Sometimes a poem thrills with a subject that might have seemed slight, or unlikely, or impossible. Some poets give the feeling they can make a memorable poem about anything at all. For this month’s Classic Poem, here are a couple of examples, involving aristocratic shoplifting and senile memory loss.
A 19th-century Englishman, possibly the poet Byron or his friend Trelawny, stole some strands of hair from a museum in Milan. The hair was supposed to be that of the sexy, scandalous 15th-century Italian Lucrezia Borgia. Did the English poet steal from the too-trusting Italian curators? Or did the Italian curators present a fraudulent relic to the gullible, upper-class English tourist? (I like to picture them chuckling as they dig into a drawer and put another lock of hair into the display case.)
Those questions, though interesting, are less important than the memorable four-line poem about the hair, by Walter Savage Landor (1775-1864):
Click the arrow on the audio player below to hear Robert Pinsky read Walter Savage Landor's poem "On Seeing a Hair of Lucretia Borgia." You can also download the recording or subscribe to Slate's Poetry Podcast on iTunes.
"On Seeing a Hair of Lucretia Borgia"
Borgia, thou once wert almost too august
And high for adoration;—now thou'rt dust!
All that remains of thee these plaits unfold—
Calm hair, meandering with pellucid gold!
The fourth line, to my ear, is gorgeous beyond analysis: A coiled near-stillness at the beginning of the line drives it through rapids and decelerations. The line's rhythm generates a lot of variation in a small space. That sense of much in little corresponds to the poem's awed meditation on how the fine, bright little length of hair is what remains of the celebrated, great, and powerful Borgia. The word “august,” with its overtones of Augustus and maybe of augury, makes a wonderful pair with “dust.” The different kinds of display in “unfold” and “gold” also make an interesting duality. (Another, more hidden pair, is “unfold” with “enfold”—the poem was published in Landor's lifetime with different vowels at different times—the “un-” and “en-” implying something like opposite processes of showing and concealing.)
An occasion of a quite different kind from that shining hair impels another poem by Landor. He lived, and kept writing, into his 90s and wrote some remarkable poems about being old. Writing powerfully about his loss of powers, Landor makes a simple, but heartbreaking image, more pedestrian but maybe more penetrating than the “pellucid gold” of Borgia's purported hair: When he sets out to write a letter to a friend, the word Dear “hangs on the upper verge,” waiting for the unremembered name. The conventional word of the salutation (in email, largely supplanted by “Hi” for some reason), hanging above the blank page, takes on a great charge of feeling: As with the lock or purportedly historical hair, much in little.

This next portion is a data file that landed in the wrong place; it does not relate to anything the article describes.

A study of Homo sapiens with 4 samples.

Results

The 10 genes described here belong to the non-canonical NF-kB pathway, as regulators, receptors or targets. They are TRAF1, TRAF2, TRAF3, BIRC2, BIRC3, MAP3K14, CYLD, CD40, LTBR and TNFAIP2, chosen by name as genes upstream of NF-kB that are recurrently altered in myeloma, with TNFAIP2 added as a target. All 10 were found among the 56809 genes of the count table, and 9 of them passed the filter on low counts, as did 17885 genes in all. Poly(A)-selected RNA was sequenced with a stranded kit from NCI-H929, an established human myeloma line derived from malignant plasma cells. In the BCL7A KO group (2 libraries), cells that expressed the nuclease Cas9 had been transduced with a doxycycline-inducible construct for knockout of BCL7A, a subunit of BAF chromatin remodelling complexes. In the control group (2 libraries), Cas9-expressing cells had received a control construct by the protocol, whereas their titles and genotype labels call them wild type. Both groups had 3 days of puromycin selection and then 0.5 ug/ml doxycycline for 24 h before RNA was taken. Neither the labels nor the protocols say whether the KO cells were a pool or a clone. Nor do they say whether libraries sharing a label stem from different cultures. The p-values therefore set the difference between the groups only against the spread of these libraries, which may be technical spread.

Some contemporary readers may find Landor's language fusty, old-fashioned, with its lofty, Latinate “vernal” and “autumnal” for times of year; but the idea that early friendships and late are equally vulnerable to oblivion has a lot of force—and maybe all the more force because the poem's mixture of recognizably plain language and lofty or unfamiliar language embodies the fact that our idiom, language itself, is vulnerable to time along with our memories and our loves.
The mother of the Muses, we are taught,
Is Memory: she has left me; they remain,
And shake my shoulder, urging me to sing
About the summer days, my loves of old.
Alas! alas! is all I can reply.
Memory has left with me that name alone,
Harmonious name, which other bards may sing,
But her bright image in my darkest hour
Comes back, in vain comes back, called or uncalled.
Forgotten are the names of visitors
Ready to press my hand but yesterday;
Forgotten are the names of earlier friends
Whose genial converse and glad countenance
Are fresh as ever to mine ear and eye;
To these, when I have written, and besought
Remembrance of me, the word Dear alone
Hangs on the upper verge, and waits in vain.
A blessing wert thou, O oblivion,
If thy stream carried only weeds away,
But vernal and autumnal flowers alike
It hurries down to wither on the strand.